How do pleasure-seekers get hooked on exercise? If you’ve already got an addictive personality, you’re halfway there.
he·don·ist: hēdnist / noun / a person who believes that the pursuit of pleasure is the most important thing in life; a pleasure-seeker.
Experiencing pleasure – at least, the absence of pain – was always my priority. But taking my pleasure first often guaranteed I’d deal with pain later. With most vices, this is the order of operations; drinking precedes a hangover, getting high precedes flunking a math test, spontaneous sex precedes all manner of undesirable outcomes, and endless-chocolate-cake-cookies-and-ice-cream precedes unnecessary weight gain.
In the name of pleasure I spent 25 years of my life in pain.
The drinks I took to make socializing easier made me say and do things I regretted. The pot I smoked to take the edge off my pre-test stress made me forget the difference between sine, cosine, and tangent. The crappy food that tasted so good that it distracted me from how bad I felt always left me feeling more anxious, more tired, and further and further from OK.
A quick yum seemed always to be followed by an extended yuck. I stayed blind to that clear cause-and-effect association for a long time, answering every period of pain with more pain-inducing ‘pleasure.’
I feel tired just typing that sentence.
Like onions, Dante’s Inferno, and the grunge clothing aesthetic, pleasure has layers – levels. There’s the surface layer, cheap and fleeting, the thin outer skin. This is where I lived for years. I assumed it was the only place to be for a pleasure-seeker like me. There, I struggled to find the right combination of distractions and ingestibles to make the pain stop. Living my life felt like very hard work. I kept at it until the pain – mental, physical, and emotional – became intolerable.
Then, in a moment of desperation – and it couldn’t have happened any other time – I became open to a new idea. I wondered whether, just maybe, healthy people might be onto something. What if exercise – hard work that it is – could make me feel…better? I decided to try it – to really throw myself into a regular exercise routine for one month, if for no other reason than to be able to say I’d given it a go and it hadn’t worked, so there.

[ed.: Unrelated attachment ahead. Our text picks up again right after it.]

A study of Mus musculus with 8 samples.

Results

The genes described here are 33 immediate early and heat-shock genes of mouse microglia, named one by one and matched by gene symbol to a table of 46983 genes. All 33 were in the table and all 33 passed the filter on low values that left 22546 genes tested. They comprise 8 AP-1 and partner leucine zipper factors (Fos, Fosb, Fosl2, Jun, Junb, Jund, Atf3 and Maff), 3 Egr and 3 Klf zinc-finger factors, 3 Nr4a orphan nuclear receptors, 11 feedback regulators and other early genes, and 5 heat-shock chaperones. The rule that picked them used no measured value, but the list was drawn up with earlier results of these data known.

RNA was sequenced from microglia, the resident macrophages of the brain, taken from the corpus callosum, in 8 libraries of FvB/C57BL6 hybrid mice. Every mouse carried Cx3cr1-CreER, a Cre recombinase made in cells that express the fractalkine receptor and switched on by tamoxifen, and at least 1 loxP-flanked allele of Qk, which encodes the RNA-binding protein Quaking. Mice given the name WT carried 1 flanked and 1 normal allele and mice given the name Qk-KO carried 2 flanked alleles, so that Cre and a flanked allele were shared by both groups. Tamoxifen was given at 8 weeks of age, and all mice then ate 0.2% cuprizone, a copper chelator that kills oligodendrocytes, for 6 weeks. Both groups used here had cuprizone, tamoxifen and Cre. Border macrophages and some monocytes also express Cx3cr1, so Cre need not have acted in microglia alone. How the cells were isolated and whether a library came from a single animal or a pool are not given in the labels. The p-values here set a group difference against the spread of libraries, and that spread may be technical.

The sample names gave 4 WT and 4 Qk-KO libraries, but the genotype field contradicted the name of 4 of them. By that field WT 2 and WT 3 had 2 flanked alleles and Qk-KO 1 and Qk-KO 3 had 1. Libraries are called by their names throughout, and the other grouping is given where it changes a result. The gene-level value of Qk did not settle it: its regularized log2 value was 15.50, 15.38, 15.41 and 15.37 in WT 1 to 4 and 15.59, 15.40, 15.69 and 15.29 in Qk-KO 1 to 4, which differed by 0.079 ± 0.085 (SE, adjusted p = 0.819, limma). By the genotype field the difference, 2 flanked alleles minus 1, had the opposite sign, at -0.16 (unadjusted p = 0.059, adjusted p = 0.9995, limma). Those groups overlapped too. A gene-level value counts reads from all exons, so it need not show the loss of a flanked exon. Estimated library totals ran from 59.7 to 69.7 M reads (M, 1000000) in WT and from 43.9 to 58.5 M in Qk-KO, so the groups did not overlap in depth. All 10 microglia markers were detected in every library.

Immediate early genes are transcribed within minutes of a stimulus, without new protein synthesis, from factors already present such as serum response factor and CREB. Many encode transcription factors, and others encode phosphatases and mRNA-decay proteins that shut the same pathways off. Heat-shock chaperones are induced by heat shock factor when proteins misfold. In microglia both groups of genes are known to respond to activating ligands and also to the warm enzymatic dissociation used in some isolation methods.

Exercise – appropriate, consistent exercise – was hard work in the moment, but left me feeling better every single time. Because I’m hard and dark and edgy, my feelings about this are still mixed.
Let no one doubt: I am still a pleasure-seeker. My wellness journey has been a study in exploring deeper layers and levels of feeling good. Today, I understand that daily, lasting pleasure comes as the result of work, like exercising, cooking healthy meals, and getting 8 hours of sleep. The results – a body capable of going on hikes with my toddlers, a head that can focus 100% on my work, and a heart bubbling over with gratitude at the life I get to live – more than make up for the work I put in, even when it’s hard to stay on course.
Much like my body got used to my vices, it has become accustomed to the work I do that results in pleasure. A workout that was hard in April is easy by June, but leaves me feeling similarly awesome for about as long. With practice, the work takes less effort, but I continue to enjoy delicious repercussions day after day.
No doubt, there are deeper layers and levels of pleasure I’ve yet to explore. I imagine the deepest layer is freedom from desire itself, the absence of wanting – true, un-ambitious peace.
I’d think more on that, but I’m already late for the gym.